I myself have been the victim of inaccurate mapping. When moved to London I relied as most Londoners do, on the famous Tube Map to position myself around the city. For months I was changing tube lines at Leicester Square, and alighting at the Tottenham Court Road Tube station as that was the one closest to my work, when i discovered that the Tube map was NOT infact geographically accurate- but instead distorted so to fit more neatly and be read more easily. I should have got off at Leicester Square and just walked two blocks for 2 minutes and saved myself 15 minutes of catching another train for two stops. In light of the on-going Tube strikes, advertising creatives have since created a map that shows the walking distance between each station. But it turns out its not just the London Tube Map that has been lying to me.
Before reading the rest of this blog post I encourage you to view this short clip from the seminal series The West Wing, featuring a social justice group called Cartographers for Social Justice: Their goal is to eliminate the use of this map and adopt the Gall Peters map- a much more accurate reflection of the geographical size of land masses in relation to each other, as opposed to the size of the political strength or importance of that nation.
The thing is, although the Cartographers for Social Justice are fictional- the facts they state in the clip are not. The distortion of the longitude/latitude lines in the Mercator Map over emphases Europe’s position in the world, and the Gall-Peters projection rectifies this. (Africa is positioned as 14 times smaller than Greenland in the Mercator!)
Maps are symbolic depictions highlighting relationships between elements of some space. Generally they are geometrically accurate and drawn to scale (or so I assumed).So what does this have to do with Social Justice? Surely a map of the world is simply a geometric mathematical representation of the globe in a 2D form? How can a map be political? Well, of course maps are political- Everything is Political.
Professor at Chalmers University of Technology Erik Strom observes that maps are cultural artefacts that are ‘deeply implicated in the history of ideas and inform our political subjectives’ (2011, p.3). As such, the image that the map represents ‘is as much a commentary on the social structure of a particular nation or place, as it is on its topography.’ So it’s a map, or be mapped world we live in.
So if maps are our primary source of information about not only the shape and size of nations, but also the social structure, and they are distorted– so to will be the perception of what the maps symbolise (Battersby 2009, p.34). Battersby has noted that whilst the use of highly distorted maps such as the Mercator Map, which as mentioned earlier distorts the world to a Eurocentric Colonialist view of the globe, have been in decline in printed form, digitally however- the Mercator projection has ‘seen tremendous support in online mapping programs like Google (2009, p.43).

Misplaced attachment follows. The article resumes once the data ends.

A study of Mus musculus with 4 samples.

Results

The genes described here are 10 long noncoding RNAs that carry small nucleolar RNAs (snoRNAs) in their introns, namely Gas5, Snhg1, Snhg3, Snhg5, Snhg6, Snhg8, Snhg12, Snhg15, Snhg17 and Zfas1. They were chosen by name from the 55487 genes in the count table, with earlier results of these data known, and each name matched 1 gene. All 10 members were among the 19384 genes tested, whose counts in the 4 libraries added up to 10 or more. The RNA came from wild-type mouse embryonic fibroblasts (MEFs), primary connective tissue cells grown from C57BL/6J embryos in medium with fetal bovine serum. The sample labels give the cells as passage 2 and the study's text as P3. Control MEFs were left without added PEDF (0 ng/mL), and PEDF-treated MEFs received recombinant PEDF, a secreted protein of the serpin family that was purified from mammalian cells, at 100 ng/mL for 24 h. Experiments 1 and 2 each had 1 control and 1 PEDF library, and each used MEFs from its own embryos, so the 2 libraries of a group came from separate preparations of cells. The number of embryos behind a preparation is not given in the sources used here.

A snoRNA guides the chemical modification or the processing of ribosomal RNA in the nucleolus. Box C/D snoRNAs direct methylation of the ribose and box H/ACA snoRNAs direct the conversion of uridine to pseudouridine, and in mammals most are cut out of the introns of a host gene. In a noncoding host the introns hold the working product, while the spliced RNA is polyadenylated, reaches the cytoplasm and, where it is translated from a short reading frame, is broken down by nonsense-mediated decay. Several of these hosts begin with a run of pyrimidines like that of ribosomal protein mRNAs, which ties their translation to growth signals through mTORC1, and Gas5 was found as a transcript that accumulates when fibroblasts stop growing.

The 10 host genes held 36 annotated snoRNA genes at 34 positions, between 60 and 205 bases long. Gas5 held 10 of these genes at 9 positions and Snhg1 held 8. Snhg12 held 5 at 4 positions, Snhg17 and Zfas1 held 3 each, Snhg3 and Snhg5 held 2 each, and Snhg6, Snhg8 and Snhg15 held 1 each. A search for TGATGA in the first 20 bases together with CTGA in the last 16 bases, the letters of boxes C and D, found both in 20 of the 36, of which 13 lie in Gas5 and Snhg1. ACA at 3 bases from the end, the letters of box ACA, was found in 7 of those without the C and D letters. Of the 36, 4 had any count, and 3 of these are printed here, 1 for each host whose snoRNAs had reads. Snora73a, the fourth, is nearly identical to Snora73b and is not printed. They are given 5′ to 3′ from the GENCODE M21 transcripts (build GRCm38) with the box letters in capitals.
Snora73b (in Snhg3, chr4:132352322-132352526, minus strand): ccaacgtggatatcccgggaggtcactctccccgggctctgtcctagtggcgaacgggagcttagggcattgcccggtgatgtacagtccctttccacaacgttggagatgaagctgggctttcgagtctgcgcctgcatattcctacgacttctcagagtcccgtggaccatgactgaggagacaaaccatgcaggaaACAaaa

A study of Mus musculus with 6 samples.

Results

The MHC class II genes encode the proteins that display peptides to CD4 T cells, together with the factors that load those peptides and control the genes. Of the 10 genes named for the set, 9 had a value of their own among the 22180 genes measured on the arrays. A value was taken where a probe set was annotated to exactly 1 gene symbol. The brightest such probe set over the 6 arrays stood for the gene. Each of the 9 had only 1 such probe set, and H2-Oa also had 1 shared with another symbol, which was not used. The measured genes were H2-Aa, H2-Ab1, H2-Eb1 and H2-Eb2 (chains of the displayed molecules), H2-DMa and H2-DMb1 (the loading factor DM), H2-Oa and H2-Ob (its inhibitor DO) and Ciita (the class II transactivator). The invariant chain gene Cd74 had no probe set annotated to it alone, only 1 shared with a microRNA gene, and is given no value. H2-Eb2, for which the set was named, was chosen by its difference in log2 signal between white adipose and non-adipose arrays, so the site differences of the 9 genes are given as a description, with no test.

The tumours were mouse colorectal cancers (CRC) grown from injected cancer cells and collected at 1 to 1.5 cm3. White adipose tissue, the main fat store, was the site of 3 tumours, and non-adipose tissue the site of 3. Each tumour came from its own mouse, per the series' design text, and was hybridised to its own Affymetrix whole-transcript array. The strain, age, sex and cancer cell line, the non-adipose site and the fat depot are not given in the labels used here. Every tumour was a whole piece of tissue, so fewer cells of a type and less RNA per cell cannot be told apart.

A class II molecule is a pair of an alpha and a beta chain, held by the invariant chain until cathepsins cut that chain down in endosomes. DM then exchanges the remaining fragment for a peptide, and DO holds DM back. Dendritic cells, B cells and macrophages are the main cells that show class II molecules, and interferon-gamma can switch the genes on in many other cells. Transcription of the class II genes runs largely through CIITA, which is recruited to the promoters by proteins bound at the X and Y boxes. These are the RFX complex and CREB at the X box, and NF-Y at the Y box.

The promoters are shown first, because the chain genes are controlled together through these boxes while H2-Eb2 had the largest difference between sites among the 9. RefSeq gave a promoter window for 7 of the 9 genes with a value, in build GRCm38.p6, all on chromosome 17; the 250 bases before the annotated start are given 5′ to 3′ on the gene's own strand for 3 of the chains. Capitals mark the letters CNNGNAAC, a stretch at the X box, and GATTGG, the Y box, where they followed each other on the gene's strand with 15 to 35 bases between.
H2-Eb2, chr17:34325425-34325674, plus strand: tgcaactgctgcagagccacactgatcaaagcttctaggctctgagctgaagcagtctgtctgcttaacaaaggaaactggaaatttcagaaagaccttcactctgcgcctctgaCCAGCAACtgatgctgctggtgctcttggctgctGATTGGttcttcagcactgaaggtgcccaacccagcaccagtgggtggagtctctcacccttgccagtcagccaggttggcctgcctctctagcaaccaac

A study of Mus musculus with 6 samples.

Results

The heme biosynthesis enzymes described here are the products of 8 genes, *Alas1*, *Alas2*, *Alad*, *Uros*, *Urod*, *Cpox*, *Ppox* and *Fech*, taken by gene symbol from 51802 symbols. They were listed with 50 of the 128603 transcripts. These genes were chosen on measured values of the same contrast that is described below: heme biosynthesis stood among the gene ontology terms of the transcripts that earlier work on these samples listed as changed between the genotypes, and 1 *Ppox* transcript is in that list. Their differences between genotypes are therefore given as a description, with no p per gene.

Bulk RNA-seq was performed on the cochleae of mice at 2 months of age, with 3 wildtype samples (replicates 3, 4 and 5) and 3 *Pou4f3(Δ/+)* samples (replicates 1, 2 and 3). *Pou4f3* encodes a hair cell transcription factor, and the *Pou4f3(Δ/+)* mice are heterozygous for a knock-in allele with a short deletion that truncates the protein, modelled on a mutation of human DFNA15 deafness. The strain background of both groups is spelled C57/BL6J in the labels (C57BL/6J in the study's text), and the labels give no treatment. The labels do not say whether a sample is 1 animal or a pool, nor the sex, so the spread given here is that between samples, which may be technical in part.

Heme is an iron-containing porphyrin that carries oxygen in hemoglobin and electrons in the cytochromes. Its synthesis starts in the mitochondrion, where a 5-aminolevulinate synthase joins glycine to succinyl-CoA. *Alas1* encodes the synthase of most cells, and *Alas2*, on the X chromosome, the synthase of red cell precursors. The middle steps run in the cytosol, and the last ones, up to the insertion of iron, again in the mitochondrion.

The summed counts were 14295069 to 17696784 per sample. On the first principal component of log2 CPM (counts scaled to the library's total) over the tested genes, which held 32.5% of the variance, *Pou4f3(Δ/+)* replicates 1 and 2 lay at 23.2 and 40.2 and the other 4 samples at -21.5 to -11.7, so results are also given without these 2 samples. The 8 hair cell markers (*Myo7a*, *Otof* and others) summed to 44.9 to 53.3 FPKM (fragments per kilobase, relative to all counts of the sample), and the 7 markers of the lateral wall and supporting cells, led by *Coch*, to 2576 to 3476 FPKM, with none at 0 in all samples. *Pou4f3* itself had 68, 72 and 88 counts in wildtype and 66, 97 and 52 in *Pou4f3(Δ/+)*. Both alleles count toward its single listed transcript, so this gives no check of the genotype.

The use of a colonial representation of the globe in a post-colonial world is clearly problematic. This is all the more troubling by ‘Google’s lack of transparency, particularly concerning their commercial interest’ (2011, p.5). So the issue is- if the Mercator map is presenting an inaccurate representation that overvalues white nations and advantages the colonial empires, why is it still being utilised?
Although the resurgence of the Mercator maps tend to reinforce the coercion of the colonial history, maps can be used as a tool for social movements with critical cartography utilising social theory and applying it to social justice (Krupar 2015, p.93). By rectifying the latitude lines at the 45th parallel, the Gall Peters map stretches and reposits land mass relative to their actual land mass- making Europe significantly smaller and centralises Afrika (Barney 2014, p.104). Krupar argues that this shows us that ‘maps are instruments for formulating policy, envisioning the world differently and advocating for social change’ (2015, p.99). After all- a true representation, is better for us all.
So mapping can be utilised for good not evil- we just need to know how and why they were made, and by whom. A critical view of maps are necessary if we are to use them the way in which we intend, as opposed to the way the mapper intends.
Barney, T 2014, ‘The Peters Projection and the Latitude and Longitude of Recolonization’, Journal of International & Intercultural Communication, vol. 7, no. 2, pp. 103-126.
Battersby, SE 2009, ‘The Effect of Global-Scale Map-Projection Knowledge on Perceived Land Area’, Cartographica, vol. 44, no. 1, pp. 33-44.
Krupar, S 2015, ‘Map Power and Map Methodologies for Social Justice’, Georgetown Journal of International Affairs, vol. 16, no. 2, pp. 91-101.
Strom, TE 2011, ‘Space, Cyberspace and Interface: The Trouble with Google Maps’, M/C Journal, vol. 14, no. 3, p. 3.